Investors Choosing Hungary over Slovakia for Business Investments

By: The Quinnipiac University Economics Research Team, Christopher Longchamp

Hungary is seeing more and more businesses make capital investments in the country relative to its northern neighbor, Slovakia. This trend came into focus recently when BMW decided to invest in the construction of a new plant in Hungary rather than build in Slovakia in 2018. The trend continues today as many more businesses are committing further investment in Hungary.

These investments are not new for Hungary. In the period of 2016-2020, the Hungarian economy was growing nearly 1% more per year than Slovakia. While the pandemic hit both countries hard in 2019, Slovakia’s use of the Euro is suspected to be a contributing factor to the struggles seen by the Slovakian Economy in recent years.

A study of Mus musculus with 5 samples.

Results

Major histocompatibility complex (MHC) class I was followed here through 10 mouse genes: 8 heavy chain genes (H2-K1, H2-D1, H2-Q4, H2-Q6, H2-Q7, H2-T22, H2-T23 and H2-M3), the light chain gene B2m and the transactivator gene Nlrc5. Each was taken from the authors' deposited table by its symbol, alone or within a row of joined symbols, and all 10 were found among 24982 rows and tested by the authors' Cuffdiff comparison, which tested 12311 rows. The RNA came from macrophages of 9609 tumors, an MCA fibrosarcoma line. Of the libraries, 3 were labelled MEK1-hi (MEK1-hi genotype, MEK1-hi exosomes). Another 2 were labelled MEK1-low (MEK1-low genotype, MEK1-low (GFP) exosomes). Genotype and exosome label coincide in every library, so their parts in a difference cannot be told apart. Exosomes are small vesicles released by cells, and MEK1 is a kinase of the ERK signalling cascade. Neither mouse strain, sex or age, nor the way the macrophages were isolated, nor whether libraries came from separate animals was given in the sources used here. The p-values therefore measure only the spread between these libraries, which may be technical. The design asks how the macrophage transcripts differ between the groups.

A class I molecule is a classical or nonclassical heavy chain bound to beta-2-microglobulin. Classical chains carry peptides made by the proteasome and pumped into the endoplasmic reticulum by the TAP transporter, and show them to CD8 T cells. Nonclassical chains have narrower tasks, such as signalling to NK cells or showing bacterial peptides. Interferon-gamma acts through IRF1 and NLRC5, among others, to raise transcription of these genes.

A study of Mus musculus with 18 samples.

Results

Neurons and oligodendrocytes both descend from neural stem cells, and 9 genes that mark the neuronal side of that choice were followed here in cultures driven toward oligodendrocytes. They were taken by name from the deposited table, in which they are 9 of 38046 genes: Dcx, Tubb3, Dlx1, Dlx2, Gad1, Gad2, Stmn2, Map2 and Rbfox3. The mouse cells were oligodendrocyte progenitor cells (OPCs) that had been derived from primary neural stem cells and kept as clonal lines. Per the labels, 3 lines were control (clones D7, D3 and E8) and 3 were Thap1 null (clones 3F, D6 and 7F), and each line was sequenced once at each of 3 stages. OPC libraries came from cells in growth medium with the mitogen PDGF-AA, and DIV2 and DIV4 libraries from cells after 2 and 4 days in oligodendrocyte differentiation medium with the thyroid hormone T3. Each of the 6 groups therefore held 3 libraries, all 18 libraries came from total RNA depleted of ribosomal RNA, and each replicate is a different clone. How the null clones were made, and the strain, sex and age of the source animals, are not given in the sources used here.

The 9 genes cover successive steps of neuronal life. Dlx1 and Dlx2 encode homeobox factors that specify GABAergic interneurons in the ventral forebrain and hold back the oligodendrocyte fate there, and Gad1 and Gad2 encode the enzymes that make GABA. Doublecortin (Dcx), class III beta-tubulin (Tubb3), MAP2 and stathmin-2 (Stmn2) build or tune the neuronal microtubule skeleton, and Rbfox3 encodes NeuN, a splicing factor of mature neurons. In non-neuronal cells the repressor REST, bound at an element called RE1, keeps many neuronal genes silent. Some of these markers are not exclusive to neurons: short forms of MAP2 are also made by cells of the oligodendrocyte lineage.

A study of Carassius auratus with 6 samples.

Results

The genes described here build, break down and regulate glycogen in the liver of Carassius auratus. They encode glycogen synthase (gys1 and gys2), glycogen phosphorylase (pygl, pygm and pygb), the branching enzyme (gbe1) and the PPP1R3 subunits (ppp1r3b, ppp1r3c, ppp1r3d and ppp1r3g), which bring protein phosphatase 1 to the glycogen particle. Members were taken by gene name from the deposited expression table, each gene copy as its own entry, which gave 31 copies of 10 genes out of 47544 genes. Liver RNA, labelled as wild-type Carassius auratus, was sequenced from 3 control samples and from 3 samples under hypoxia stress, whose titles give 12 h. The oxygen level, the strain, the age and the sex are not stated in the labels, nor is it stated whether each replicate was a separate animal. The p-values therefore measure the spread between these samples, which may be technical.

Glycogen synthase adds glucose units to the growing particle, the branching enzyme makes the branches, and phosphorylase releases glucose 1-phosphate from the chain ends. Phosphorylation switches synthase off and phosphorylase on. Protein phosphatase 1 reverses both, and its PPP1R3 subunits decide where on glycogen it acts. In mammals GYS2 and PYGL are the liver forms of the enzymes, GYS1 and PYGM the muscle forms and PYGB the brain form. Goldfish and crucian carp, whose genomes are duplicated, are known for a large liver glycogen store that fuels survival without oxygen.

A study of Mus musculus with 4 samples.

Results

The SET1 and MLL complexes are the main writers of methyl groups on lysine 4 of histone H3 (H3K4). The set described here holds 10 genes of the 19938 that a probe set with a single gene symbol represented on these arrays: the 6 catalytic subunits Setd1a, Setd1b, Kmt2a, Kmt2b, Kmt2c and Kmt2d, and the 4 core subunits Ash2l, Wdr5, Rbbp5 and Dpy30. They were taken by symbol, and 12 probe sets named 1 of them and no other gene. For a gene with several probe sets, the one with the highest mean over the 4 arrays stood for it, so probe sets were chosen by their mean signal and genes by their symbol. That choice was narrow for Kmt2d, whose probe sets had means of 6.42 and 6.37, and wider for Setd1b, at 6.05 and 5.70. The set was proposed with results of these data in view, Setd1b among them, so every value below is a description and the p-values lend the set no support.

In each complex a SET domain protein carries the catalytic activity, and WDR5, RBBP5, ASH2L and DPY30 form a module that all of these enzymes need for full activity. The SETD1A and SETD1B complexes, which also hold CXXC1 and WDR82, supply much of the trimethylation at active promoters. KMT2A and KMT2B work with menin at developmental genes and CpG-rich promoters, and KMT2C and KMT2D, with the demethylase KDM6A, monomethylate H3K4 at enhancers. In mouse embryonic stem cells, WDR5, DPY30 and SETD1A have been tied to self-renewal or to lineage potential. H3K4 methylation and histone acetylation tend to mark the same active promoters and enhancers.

The strong Euro – which strengthened relative to the Hungarian forint (HUF) over this same time period – means that any investment in Slovakia pays its costs in Euros but may sell internationally in Euros (no currency benefit or cost) or USD (with some currency risk). Making cars in Hungary where the HUF has weakened in recent years means local BMW production costs are cheaper and there is a currency benefit in having costs in HUF and sales (revenue) in Euros. If the currency trends continue this will put increasing pressure on Slovakia’s economy as it loses competitiveness relative to its non-Euro-using neighbors.

The Hungarian recovery has been receiving additional assistance from the government’s focus more on business recovery during the pandemic than other governments in the Central European region have. Hungary’s corporate tax rate and value after tax rate were both some of the lowest in the region, in Europe and even globally, at 9% and 15% respectively.